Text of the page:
Norway mulls one-man hospital for killer: report

Norwegian health authorities may be forced to build a one-man hospital for terrorism suspect Anders Behring Breivik if a court finds he should be placed in psychiatric care, according to a media report.

Norway mulls one-man hospital for killer: report

Staff at the high security Ila prison have taken strict measures to keep Breivik apart from other inmates since his incarceration there in July after the dual terrorist attacks that left 77 people dead.

State-appointed specialists have previously found Breivik to be criminally insane, meaning he will be placed in psychiatric care unless that decision is overturned on appeal.

But none of Norway’s existing psychiatric institutions are considered anywhere near secure enough to house the 32-year-old right-wing extremist, newspaper VG reports.

Not even Dikemark hospital in Asker, home to some of Norway’s most dangerous individuals, is thought to be secure enough to prevent a potential Breivik escape, the newspaper said.

According to VG, health authorities are examining the possibility of constructing a miniature hospital within the confines of Ila prison, where Breivik would stay on as the sole patient.

“It’s correct that we’re looking at a number of options that take into account both his safety and concerns for the protection of the community,” said Secretary of Start Robin Kåss (Labour Party), who declined to confirm specific details.

Breivik has admitted to setting off a car bomb outside government offices in Oslo before gunning down 69 mostly young people at a summer camp on Utøya island on July 22nd last year.

His trial begins in April.


Norwegian police said Monday that the five victims of last week's attack were killed by a "sharp object" used by the suspect, not a bow and arrows.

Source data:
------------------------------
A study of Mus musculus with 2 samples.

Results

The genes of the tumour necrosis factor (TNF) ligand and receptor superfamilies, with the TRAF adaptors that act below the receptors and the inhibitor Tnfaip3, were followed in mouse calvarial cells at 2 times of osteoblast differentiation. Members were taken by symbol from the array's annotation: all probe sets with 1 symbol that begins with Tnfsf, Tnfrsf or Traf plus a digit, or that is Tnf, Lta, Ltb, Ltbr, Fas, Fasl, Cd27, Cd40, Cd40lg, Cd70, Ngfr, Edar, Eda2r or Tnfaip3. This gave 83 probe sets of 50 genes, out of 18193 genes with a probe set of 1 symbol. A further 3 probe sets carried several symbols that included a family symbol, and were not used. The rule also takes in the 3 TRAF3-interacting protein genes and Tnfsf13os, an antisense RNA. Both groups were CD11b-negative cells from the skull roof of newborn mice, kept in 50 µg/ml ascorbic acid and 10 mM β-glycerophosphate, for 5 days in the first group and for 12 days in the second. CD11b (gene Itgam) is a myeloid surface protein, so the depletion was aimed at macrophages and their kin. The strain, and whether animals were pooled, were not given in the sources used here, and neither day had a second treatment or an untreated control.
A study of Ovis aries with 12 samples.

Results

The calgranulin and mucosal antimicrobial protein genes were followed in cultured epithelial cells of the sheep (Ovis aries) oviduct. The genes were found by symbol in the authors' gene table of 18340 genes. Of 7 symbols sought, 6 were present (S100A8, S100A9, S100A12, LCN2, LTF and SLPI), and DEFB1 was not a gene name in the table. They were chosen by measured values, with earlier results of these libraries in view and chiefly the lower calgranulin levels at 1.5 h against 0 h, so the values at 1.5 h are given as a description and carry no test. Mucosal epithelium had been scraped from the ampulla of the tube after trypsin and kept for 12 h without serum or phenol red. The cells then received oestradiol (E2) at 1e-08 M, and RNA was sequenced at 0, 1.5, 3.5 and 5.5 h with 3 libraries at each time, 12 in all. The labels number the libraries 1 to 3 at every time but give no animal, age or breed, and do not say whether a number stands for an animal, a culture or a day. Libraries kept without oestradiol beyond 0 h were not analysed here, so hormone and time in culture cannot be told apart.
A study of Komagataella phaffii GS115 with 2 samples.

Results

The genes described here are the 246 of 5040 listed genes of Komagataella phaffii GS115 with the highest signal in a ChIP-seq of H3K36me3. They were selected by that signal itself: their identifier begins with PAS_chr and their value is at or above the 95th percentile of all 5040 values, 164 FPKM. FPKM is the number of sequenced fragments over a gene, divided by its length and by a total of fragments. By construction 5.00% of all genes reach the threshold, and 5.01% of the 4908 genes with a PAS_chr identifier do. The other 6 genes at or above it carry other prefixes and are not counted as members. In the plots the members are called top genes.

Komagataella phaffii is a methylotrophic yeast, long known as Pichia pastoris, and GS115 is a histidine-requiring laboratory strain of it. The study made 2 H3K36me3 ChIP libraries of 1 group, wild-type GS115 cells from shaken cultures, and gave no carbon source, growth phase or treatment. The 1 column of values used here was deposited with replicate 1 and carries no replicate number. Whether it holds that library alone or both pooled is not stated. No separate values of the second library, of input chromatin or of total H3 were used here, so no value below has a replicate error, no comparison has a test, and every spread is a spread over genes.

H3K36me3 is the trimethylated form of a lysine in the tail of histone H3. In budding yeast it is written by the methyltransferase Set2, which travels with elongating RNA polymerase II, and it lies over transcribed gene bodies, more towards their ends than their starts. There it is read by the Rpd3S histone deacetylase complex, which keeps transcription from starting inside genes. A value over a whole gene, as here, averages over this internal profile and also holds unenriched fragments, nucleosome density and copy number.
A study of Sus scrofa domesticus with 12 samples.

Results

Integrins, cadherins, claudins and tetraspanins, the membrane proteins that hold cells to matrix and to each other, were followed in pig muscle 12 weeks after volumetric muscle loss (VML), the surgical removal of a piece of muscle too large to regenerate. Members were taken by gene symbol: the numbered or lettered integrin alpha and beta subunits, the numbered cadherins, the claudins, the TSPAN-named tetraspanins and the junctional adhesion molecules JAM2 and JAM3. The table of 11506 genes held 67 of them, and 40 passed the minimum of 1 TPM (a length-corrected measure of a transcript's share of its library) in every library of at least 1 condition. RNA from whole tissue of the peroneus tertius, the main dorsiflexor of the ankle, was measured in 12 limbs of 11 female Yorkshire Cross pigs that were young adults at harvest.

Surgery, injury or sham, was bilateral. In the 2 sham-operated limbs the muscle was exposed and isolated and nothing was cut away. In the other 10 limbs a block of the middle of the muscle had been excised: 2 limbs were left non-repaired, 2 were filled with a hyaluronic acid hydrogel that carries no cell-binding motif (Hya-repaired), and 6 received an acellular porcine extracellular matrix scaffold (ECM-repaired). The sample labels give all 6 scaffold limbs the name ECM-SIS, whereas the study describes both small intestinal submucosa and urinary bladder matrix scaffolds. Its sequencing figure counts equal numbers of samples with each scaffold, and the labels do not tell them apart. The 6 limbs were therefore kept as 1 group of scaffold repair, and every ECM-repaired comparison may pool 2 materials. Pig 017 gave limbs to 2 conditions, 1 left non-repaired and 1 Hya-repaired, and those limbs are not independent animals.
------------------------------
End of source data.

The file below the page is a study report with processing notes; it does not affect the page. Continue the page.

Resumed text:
The Kongsberg attacker is said to have killed five people with sharp objects. Pictured is police tape from a separate incident.
The Kongsberg attacker is said to have killed five people with sharp objects. Pictured is police tape from a separate incident. Photo by Søren Storm Hansen on Flickr.

“At some point he discarded or lost his bow and arrows,” police inspector Per Thomas Omholt told reporters.

He said that during the attack on Wednesday the suspect killed “five people with a sharp object both in private addresses and in public spaces”.

Police, who had previously said that the suspect Espen Andersen Brathen was armed with a bow and arrows and two other weapons, did not specify the nature of the sharp weapons, adding that they were still interviewing witnesses.

“Everything points to the victims being selected at random,” Omholt said.

According to the police, more than 10 people were also shot at with arrows at the start of the attack, but none were killed with this weapon.

READ MORE: Norway police query Kongsberg attacker’s Muslim faith

During police questioning, Brathen has confessed to the killings and to wounding three others.

The 37-year-old Danish citizen has announced publicly that he is a convert to Islam and initially police reported that there had been fears of radicalisation.

He is however being kept in a medical facility pending a psychiatric evaluation, which is necessary to determine whether Brathen can be held legally responsible for his actions.

“As far as motive is concerned, illness remains the main hypothesis. And as far as conversion to Islam is concerned, this hypothesis is weakened,” Omholt added.

On Saturday, police announced the identities of the five victims, four women and one man: Andrea Meyer, 52, Hanne Merethe Englund, 56, Liv Berit Borge, 75, Gunnar Erling Sauve, 75 and Gun Marith Madsen, 78.